Oct 182009
 

“Danny,” I typed to my former student via Facebook Chat, “They’re playing Chris Brown in this restaurant in Bangkok, Thailand!”

“On dogs??” Danny asked, aghast, from his apartment in Boston.

“On dogs,” I affirmed.

Throughout the two months so far of my year-long journey across the world, I have been stunned at the level of awe and adoration that people have for African-American culture. In the African-American music realm, Japanese twenty-somethings sport Tupac shirts, Cambodian street children sell pirated rap CDs, and Thai cafes blast Beyonce. But what has been especially stunning is the race-based reactions of European, Australian, and Israeli fellow travelers when I say I’m from America: a mix of passionate reverence and complete ignorance surrounding African-Americans.

“You are American!” gasped Serge, the Ukrainian-Israeli solider, when I met him on Ko Phangan beach in Thailand. “So you live near the Black people!” I didn’t quite know what to say. “I am obsessed with the Ghetto Life,” he explained. “I watch all the movies: “Boyz N da Hood,” “Dangerous Minds”… I worry about the Ghetto children. How will they know right from wrong if all they see is the Ghetto violence and pregnancy?” I stuttered something about how there is a wide range of experiences in America, and how “Dangerous Minds” is often seen as a racist movie.

Serge continued, though, deep in his train of thought: “But you wouldn’t know about this,” he said, “Because Boston doesn’t have a lot of Black people. Boston doesn’t have ghettos.” I coughed up my Pepsi in a flood of protesting words, but Serge continued, thick with passion: “But I LOVE the Black Americans. I think they are so tough and cool. So real. So–” suddenly he was seized with a fit of food poisoning and began vomiting violently in the sand.

As I watched Serge throw up, I pondered: here was a man who had fought in the Israeli army, using heavy guns and artillery in a very real, very dangerous war. And yet, this man was both scared of the American “Black Ghetto”, and obsessed with it. Fascinating.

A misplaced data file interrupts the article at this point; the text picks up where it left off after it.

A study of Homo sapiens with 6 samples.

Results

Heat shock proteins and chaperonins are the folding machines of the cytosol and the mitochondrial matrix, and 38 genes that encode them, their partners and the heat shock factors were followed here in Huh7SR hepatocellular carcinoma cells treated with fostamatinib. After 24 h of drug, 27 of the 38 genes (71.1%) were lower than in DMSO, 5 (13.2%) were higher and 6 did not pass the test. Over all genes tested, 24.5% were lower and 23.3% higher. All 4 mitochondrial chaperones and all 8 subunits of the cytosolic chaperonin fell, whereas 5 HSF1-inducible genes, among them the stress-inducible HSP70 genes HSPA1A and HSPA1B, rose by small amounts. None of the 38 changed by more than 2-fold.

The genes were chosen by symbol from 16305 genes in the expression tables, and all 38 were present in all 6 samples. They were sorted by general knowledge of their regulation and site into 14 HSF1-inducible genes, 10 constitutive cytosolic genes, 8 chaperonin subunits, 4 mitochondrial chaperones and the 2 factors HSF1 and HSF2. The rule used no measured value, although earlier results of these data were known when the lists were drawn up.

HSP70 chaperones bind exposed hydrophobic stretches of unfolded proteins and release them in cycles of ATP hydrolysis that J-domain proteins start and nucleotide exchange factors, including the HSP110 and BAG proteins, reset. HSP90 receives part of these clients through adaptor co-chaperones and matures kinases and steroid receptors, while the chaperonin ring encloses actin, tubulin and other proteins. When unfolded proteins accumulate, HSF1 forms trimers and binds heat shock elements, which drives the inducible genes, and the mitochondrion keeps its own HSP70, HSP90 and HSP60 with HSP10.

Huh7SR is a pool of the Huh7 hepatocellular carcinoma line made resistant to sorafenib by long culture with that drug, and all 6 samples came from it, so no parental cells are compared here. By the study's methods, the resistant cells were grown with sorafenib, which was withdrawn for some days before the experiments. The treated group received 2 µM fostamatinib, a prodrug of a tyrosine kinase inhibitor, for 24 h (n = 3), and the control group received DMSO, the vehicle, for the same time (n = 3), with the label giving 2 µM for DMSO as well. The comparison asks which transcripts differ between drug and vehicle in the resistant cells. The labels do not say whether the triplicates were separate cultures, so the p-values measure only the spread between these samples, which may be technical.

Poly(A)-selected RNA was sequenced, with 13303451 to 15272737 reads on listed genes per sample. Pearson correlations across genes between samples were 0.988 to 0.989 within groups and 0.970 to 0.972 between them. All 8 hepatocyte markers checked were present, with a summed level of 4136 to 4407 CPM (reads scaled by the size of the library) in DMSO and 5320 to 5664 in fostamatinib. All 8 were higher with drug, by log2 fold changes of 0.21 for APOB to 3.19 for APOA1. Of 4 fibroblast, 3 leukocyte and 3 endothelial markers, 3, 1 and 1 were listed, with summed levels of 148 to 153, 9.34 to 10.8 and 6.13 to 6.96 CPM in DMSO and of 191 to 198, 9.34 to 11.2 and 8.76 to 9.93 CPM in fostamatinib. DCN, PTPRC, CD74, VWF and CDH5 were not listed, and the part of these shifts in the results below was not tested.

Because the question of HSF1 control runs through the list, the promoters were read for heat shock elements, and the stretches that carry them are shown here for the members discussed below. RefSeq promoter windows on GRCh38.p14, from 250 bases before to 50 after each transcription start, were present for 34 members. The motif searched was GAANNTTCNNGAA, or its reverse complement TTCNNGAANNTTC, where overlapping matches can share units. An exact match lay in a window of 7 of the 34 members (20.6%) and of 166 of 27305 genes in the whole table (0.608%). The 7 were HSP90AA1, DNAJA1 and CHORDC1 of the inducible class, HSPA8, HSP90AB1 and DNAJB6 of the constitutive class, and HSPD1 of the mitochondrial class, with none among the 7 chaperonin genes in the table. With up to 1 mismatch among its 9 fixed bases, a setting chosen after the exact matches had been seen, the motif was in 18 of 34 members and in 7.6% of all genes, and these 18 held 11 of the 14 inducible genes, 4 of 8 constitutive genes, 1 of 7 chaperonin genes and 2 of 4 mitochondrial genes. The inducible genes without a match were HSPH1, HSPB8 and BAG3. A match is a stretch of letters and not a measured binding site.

Myself, having worked in a majority African-American school for over six happy years, I really miss Black Americans out here! Asian countries are almost totally Asian (sounds obvious, but in practice it’s jarring after America’s diversity), and most world travelers are White. Through this absence I am truly appreciating how fantastic African-American culture is (beyond the “Ghetto” or Music/Sports stereotypes!), and how uniquely AMERICAN it is. Often the first thing a person says when they hear my country of origin has to do with Black Americans, and rightly so: African-Americans have completely shaped America and its identity.

My purpose in this article, and through much of my blog, is to explore racial perceptions around the globe, but also to encourage people of all backgrounds to consider traveling the world. Not only does it expand your own perceptions, but it also illuminates the perceptions of the people you meet!

(Thanks to Danny, Ashley, Sade, Travis, and Durell for contributing their photos to this article!)


  1. Thank you for writing this article! As an African American who hopes to travel the world in 2013, it was a delight to read. Thanks for “representing!” ;)

  2. I’ve spent a lot of time in Japan, and I’m not sure if African-American culture is super popular over there (Some might say it is). But of course, there are those who are big fans of rap music and hip-hop. When I was living in rural Yamagata Prefecture, I happened to run into a dude (Japanese dude) who was a big fan of rap music and was thrilled to randomly run into a black man (me). He lived in NYC for some time, and his English was basically that of someone who had spent a lot of time around black people. I asked Toshi if he liked Japanese hip-hop, and he said, “No. I like black people’s rap.”

  3. It’s very similar here in Puerto Rico with my students who have not traveled to the U.S. We had a friend come and observe my classroom (who is African American) and my students were in awe, with some of them later telling me how he was the first African American person they had ever actually seen. This is still surreal to me, but it’s a good reminder that while America still has its (many) problems, other places aren’t so perfect when it comes to race either…

  4. Got the same type of reaction in Brazil, when this guy wanted to talk about 50 Cent and hip hop. I tried to explain to him the sum of American hip hop was not about 50 Cent and Eminem, but I don’t think he understood or didn’t want to understand what I was saying. He was so excited to speak to a real American black dude he could barely get his words out.